In his tariff war with China, U.S. President Donald Trump has some hidden allies. Just about every complaint U.S. trade negotiators raised in Beijing last week — not to mention their doubts about the sincerity of China’s concessions — are shared by Chinese entrepreneurs, who feel as underappreciated and unwelcome as their foreign counterparts. Their common enemy: the Chinese industrial state, an animus summed up in China by the lament “guo jin, min tui” — the state advances, the private sector retreats.
This reality underscores how tough it will be for the Trump administration to roll back a set of statist industrial policies that are rooted more in politics and ideology than economics. At the same time, it presents Trump with an opportunity — to leverage internal Chinese pressure to open doors both for international investors and a domestic Chinese constituency with a vital stake in playing by global trading rules.
In his efforts to ensure Communist Party control over every facet of Chinese life, Chinese President Xi Jinping has smothered the animal spirits of the country’s private businessmen, who account for more than 60 percent of economic output and 80 percent of employment. Even though the Party welcomed capitalists to join in 2001, they’ve long had an uneasy relationship with state authority. Many have been caught up in Xi’s anti-corruption campaign, paying the price for a pervasive rent-seeking culture in which bribing officials was necessary to secure business deals, land and bank loans.
Some wealthy entrepreneurs are moving their money offshore because they fear their tainted earnings will be confiscated. Others are putting off hiring and investing as the economy slows. Fred Hu, the founder of Primavera Capital Group, compares their current mood to the years immediately following the 1989 Tiananmen Square crackdown, which were marked by “tremendous uncertainty, concerns and worries” about the future.
The fact is that the world needs Chinese private enterprises to succeed if China is to remain a driver of global growth. And, conveniently enough, their demands mirror those of multinationals: better access to services markets that are currently dominated by state monopolies in energy, finance, telecommunications and transport; better protection for their intellectual property; a reduction in the subsidies, cheap financing and other advantages enjoyed by the state sector; and a desire to be left alone by meddling bureaucrats.
No less than foreigners, local players would love to get rid of the party cells implanted in their companies. What’s more, a policy shift away from state enterprises, which dominate old-line industries, towards private businesses, which excel at innovative services, would help boost Chinese domestic consumption and reduce the household savings glut that shows up in external imbalances. It is these distortions that have destabilized the global trading order and sparked a protectionist backlash in much of the West.
Xi will never willingly dismantle the state-led industrial structure he sees as key to the survival of the Party. Privatization of state enterprises is not on the table, even though they suck up 50 percent of all credit despite accounting for just 20 percent of GDP — a colossal misallocation of financial resources.
Still, there are two reasons to think that Xi may be ready to make genuine concessions. First, as the somber headlines in Chinese newspapers make plain, the economic slowdown, exacerbated by trade tensions with the U.S., has stunned the Chinese leadership. Until a few months ago, the People’s Daily was bombarding readers with stories lauding “Made in China 2025,” a blueprint for Chinese high-tech supremacy, and boasting of a “China Solution” to global challenges. Moviegoers were treated to a documentary called “Amazing China” that extolled Xi’s accomplishments in science, technology and poverty reduction. Today, China’s industrial ambitions get scant mention in the media and cultural czars have pulled the propaganda film from cinemas. If nothing else, Trump has got Beijing’s attention.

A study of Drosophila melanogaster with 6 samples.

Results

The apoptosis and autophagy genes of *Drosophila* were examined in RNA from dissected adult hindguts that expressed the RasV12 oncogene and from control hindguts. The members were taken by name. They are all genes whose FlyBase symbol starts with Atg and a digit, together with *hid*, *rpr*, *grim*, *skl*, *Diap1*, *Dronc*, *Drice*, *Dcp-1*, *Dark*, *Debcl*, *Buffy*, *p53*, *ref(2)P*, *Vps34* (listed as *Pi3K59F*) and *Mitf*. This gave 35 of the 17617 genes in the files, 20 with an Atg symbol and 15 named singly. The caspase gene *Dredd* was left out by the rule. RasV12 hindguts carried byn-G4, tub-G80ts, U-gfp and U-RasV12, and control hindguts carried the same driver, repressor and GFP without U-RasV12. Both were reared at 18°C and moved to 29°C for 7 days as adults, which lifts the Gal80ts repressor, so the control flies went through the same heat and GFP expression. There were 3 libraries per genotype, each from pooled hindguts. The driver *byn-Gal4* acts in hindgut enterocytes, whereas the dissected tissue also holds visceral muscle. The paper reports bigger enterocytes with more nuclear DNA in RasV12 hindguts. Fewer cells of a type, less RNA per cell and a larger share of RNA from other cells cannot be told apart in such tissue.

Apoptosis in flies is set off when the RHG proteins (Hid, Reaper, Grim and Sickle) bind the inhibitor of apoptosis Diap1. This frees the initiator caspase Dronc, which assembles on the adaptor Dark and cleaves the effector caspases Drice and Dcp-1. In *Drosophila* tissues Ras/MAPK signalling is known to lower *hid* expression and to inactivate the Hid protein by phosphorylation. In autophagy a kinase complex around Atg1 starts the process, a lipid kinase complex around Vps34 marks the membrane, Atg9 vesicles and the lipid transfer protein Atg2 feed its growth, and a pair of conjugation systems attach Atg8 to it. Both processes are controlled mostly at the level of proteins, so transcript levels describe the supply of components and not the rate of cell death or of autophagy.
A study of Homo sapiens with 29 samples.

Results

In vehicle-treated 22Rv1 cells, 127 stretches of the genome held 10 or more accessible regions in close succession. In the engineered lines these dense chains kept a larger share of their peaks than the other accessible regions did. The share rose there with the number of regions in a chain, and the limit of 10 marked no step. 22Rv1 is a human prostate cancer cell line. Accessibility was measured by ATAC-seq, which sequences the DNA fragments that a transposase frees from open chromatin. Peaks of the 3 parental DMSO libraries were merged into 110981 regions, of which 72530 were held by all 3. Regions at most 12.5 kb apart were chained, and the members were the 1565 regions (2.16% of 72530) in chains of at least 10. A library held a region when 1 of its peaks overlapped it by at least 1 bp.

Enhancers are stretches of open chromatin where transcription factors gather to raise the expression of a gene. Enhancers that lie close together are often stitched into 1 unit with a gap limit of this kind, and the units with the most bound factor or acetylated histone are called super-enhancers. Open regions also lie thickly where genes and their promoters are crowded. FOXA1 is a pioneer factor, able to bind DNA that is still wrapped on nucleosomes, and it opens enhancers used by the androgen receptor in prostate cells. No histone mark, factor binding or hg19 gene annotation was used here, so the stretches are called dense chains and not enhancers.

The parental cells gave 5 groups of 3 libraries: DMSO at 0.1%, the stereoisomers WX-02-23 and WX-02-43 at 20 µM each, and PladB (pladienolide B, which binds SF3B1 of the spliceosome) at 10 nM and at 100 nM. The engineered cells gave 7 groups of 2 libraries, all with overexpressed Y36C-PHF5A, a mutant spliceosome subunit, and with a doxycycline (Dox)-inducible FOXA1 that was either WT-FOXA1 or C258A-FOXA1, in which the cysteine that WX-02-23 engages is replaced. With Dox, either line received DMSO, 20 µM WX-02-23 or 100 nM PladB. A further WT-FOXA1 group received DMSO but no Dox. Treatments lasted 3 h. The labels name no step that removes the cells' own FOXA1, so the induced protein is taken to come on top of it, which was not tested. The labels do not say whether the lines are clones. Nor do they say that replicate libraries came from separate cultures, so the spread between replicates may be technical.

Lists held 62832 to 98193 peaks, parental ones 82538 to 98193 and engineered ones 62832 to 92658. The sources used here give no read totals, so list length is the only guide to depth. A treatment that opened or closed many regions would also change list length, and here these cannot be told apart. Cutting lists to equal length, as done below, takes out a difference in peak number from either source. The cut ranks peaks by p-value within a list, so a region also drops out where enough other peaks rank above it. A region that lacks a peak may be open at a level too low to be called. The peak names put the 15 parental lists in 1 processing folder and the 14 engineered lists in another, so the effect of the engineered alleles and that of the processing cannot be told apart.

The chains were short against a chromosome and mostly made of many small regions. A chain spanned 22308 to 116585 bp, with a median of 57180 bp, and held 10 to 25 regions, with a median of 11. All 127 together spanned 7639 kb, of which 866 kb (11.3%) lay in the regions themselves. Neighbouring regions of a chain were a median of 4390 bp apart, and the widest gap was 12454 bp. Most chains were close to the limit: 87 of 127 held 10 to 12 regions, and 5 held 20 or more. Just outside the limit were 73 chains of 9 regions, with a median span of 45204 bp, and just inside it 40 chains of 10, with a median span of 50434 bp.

Second, cracking open Chinese markets wider to both domestic and foreign competition would be the surest way for Xi to revive China’s flagging growth. Private enterprises produce three times the return on assets compared to state companies and, as the providers of almost all new jobs, they’re critical to boosting consumption and weaning the economy off its reliance on credit-fueled investment. The International Monetary Fund calculates that while China’s per capita GDP, measured in terms of purchasing-power, is similar to Brazil’s, its consumption per capita is comparable only to Nigeria’s. If Chinese consumed like Brazilians, their spending would double.
The government understands the need to appease the private sector. Since the middle of last year, it’s been trying to encourage banks to lend more to private companies. Its efforts have made scant progress, though, in large part because the traditional banking system simply isn’t set up to issue such loans. Meanwhile, the government, trying to head off a potential financial crisis, has been cracking down on the shadow banks where small firms used to seek financing.
The good news is that a comprehensive blueprint for economic reforms that would energize the private sector already exists. Five years ago, when Xi ascended to power, he unveiled a 60-point plan that pledged “to let the market play a decisive role in the allocation of resources.” Unfortunately, the document has been gathering dust ever since. Resurrecting those abandoned pledges in the name of rescuing private Chinese enterprises would give Xi the political cover to accede to some of Trump’s demands. A two-for-one bargain is available: China would be wise to take it.